Zimbabwe lacks funds to transport food aid: minister


The country wants to send its entire 270,000 tonnes of grain reserves to provinces that are worst hit by drought and where 1.7 million people need aid, but the Grain Marketing Board had no money to do so he told the state-owned Herald newspaper.
“The directive was given by cabinet two weeks ago,” Made was quoted as saying. Zimbabwe’s drought has left six of its 10 provinces facing serious food shortages, the Herald said.

The southern African country, once a regional bread basket, has failed to feed itself since 2000, following President Robert Mugabe’s seizure of white-owned commercial farms to resettle landless blacks, leading to sharp falls in production, Reuters reports.

Made told Reuters last Thursday that the government is carrying out a crop assessment programme but would not discuss the extent of the drought.

Combined estimates by the Zimbabwe Vulnerability Assessment Committee, the United Nations Food and Agricultural Organization (FAO) and the World Food Programme said about 1.7 million people out of its population of 12 million would need food aid.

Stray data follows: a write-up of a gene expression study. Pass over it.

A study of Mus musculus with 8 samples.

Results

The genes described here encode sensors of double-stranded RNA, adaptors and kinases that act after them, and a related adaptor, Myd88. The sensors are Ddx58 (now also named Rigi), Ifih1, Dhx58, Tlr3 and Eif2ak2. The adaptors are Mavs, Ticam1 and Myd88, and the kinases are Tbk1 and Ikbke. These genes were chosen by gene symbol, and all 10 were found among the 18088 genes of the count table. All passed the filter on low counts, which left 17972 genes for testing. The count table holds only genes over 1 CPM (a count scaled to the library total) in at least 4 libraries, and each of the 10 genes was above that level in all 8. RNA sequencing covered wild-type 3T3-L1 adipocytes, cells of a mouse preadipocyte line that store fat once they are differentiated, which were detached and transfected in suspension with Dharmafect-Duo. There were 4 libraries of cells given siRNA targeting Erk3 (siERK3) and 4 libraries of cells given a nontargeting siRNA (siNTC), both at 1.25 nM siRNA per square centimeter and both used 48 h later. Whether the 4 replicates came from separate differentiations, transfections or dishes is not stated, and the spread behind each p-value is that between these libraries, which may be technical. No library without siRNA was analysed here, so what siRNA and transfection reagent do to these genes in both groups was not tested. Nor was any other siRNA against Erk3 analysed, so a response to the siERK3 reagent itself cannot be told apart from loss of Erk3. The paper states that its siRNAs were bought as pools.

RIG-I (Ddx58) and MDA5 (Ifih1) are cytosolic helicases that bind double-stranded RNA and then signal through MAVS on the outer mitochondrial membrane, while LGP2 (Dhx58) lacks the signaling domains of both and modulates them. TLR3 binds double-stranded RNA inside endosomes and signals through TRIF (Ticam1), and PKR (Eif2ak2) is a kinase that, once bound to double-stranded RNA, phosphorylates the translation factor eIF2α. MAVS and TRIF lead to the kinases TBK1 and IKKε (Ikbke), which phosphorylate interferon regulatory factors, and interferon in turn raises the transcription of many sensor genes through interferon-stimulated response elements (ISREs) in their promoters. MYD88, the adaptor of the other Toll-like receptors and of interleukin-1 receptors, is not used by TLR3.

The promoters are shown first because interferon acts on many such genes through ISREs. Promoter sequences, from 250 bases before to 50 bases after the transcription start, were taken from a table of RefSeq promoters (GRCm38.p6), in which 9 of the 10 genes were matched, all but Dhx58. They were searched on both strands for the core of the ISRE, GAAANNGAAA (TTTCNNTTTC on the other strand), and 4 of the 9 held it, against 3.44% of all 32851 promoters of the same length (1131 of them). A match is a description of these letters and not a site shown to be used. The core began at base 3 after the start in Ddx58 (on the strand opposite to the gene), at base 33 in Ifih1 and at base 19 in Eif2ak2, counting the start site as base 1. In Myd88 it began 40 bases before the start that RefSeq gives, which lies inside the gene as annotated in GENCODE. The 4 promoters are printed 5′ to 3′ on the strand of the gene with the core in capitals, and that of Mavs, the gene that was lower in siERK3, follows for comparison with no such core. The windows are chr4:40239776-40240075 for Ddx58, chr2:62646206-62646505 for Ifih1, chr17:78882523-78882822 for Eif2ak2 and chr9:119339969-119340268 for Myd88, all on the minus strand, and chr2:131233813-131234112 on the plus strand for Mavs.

Zimbabwe suffered a prolonged dry spell between February and March leading to crop failure in several provinces, the government-controlled Herald said.

Masvingo, Manicaland, Midlands, Matabeleland North and South provinces are the worst affected, the newspaper said.

China lent Zimbabwe $700 million on Monday. At the same time, Chinese Vice Premier Wang Qishan emphasised on a visit to Harare that he hoped Chinese businesses would be protected from the mineral rich southern African country plans to increase ownership by black Zimbabweans.



Zimbabwe expected to harvest about 1.7 million tonnes of grain in 2011, up from FAO estimates of 1.3 million tonnes in 2010 season and 1.2 million tonnes the season before.
“Most of the maize crop was at vegetative growth stages and in a fair to good condition. This positive crop production outlook has been halted by low rainfall activities for most of February in most parts of the country,” the U.S. Agency for International Development’s famine early-warning systems network said on its website.
“The southern half of the country appears most affected, having experienced a dry spell of close to 20 days by late February,” it said.